Long, Charles Henry
Charles Henry Long was born in 1878. This date is taken from Poor Law records but only records the year. Charles Henry Long’s birth was registered in the December quarter of 1878 in the Chelsea registration district.
He was admitted to the Britten Street workhouse in November 1880 with his mother Elizabeth and a younger brother Walter James. The Poor Law records give his next of kin as being his mother of 18, Leek Street, the whereabouts of his father being unknown.
On the 10th of December 1880 he was discharged to the district school. On the 1881 and 1891 censuses he is resident in Beechholme. His younger brother Walter died in 1891. Charles was discharged to the army on the 17th of January 1893. His mother's whereabouts at this time were unknown.
There are no surviving army service records for Charles but from the UK army campaign and medal awards held by Ancestry it is noted that his Boer War service culminated in him being awarded the Queens South African medal with Cape Colony, Orange Free State and Transvaal clasps and also the Kings South African medal with 1901 and 1902 clasps.
The 17th (Duke of Cambridge’s Own) Lancers sailed on the Victorian on the 14th of February 1900 and arrived at the Cape about the 10th of March.
17th Lancers Cap Badge.
Their motto was “Death or Glory” and they were known as “the Death or Glory Boys “
The regiment joined Lord Roberts at Bloemfontein and were put into the 3rd Cavalry Brigade along with the 9th and 16th Lancers.
The 17th were to miss the big battles of the Boer War. They arrived just in time to see the Boers be technically defeated on the battlefield yet failing to surrender to the British. The Boers dispersed their mounted commandos throughout the imposing African landscape in what was to become a precursor of 20th century guerrilla warfare. In this campaign mounted troops were to become essential in combing the vast distances and empty spaces. There was no room for complacency in fighting such a dedicated foe as the Boer.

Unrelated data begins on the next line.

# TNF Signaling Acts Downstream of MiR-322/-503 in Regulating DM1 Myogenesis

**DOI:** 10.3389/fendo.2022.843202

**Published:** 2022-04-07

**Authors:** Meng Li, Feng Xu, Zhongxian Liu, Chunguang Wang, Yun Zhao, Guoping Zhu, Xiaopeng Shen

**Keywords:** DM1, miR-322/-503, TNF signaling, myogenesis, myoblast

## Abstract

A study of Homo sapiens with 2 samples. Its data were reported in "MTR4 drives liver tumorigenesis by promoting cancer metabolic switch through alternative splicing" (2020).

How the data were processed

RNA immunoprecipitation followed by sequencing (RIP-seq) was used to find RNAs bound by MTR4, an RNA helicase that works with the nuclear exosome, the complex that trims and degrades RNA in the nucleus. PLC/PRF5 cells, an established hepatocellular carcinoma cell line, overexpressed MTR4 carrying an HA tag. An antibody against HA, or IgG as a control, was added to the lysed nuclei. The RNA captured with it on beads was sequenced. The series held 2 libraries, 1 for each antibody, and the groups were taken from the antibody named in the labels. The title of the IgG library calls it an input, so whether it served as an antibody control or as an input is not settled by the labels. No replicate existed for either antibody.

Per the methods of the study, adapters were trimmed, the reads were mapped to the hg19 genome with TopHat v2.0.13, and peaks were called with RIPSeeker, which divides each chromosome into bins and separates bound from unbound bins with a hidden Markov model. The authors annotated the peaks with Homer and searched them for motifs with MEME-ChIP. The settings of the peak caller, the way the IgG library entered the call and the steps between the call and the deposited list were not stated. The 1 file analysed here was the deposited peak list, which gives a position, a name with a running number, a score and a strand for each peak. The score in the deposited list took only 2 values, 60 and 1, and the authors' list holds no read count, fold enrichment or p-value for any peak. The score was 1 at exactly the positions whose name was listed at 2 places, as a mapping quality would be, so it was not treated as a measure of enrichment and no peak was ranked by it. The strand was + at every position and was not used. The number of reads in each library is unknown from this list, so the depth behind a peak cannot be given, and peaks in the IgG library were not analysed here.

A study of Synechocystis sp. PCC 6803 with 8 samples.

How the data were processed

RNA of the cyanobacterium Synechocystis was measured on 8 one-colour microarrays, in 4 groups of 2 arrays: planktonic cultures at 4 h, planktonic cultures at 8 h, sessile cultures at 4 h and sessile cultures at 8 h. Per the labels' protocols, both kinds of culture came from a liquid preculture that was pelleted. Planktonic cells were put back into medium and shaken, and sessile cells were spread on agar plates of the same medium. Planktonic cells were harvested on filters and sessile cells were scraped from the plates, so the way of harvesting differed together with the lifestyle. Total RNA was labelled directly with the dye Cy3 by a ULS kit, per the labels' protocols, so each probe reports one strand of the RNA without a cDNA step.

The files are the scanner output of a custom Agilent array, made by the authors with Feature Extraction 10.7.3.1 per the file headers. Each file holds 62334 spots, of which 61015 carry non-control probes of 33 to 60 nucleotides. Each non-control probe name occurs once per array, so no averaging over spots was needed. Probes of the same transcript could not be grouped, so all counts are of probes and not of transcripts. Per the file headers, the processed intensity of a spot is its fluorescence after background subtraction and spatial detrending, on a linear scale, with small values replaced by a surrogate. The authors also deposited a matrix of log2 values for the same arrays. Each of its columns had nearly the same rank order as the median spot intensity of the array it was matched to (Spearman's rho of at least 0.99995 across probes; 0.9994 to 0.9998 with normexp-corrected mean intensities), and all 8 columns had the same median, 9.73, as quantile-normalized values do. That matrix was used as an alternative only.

For the early part of the war up until the battle of Tarkastad see William Raisin's story.
After the battle of Tarkastad one or other of the squadrons took part in fighting in almost every part of Cape Colony and the 17th were involved in continuous small scale actions and sweeping operations against the ever elusive commandos.
In the final despatch of the war 3 officers and 4 non-commissioned officers and men were mentioned.
After the war Charles was sent to the army reserve according to the UK army campaign and medal awards from Ancestry.
On the 1911 census Charles is living at 383, High Road, Gunnersbury and he is married. His wife’s name was Elizabeth, but no record of his marriage could be found. As she was born in Scotland perhaps the couple married there. By this time they had two young sons, one of them having the middle name of Walter after Charles' younger brother who died. Charles' occupation is given as musician and he is 31 years old.
Nothing further is known about him, not even his date of death.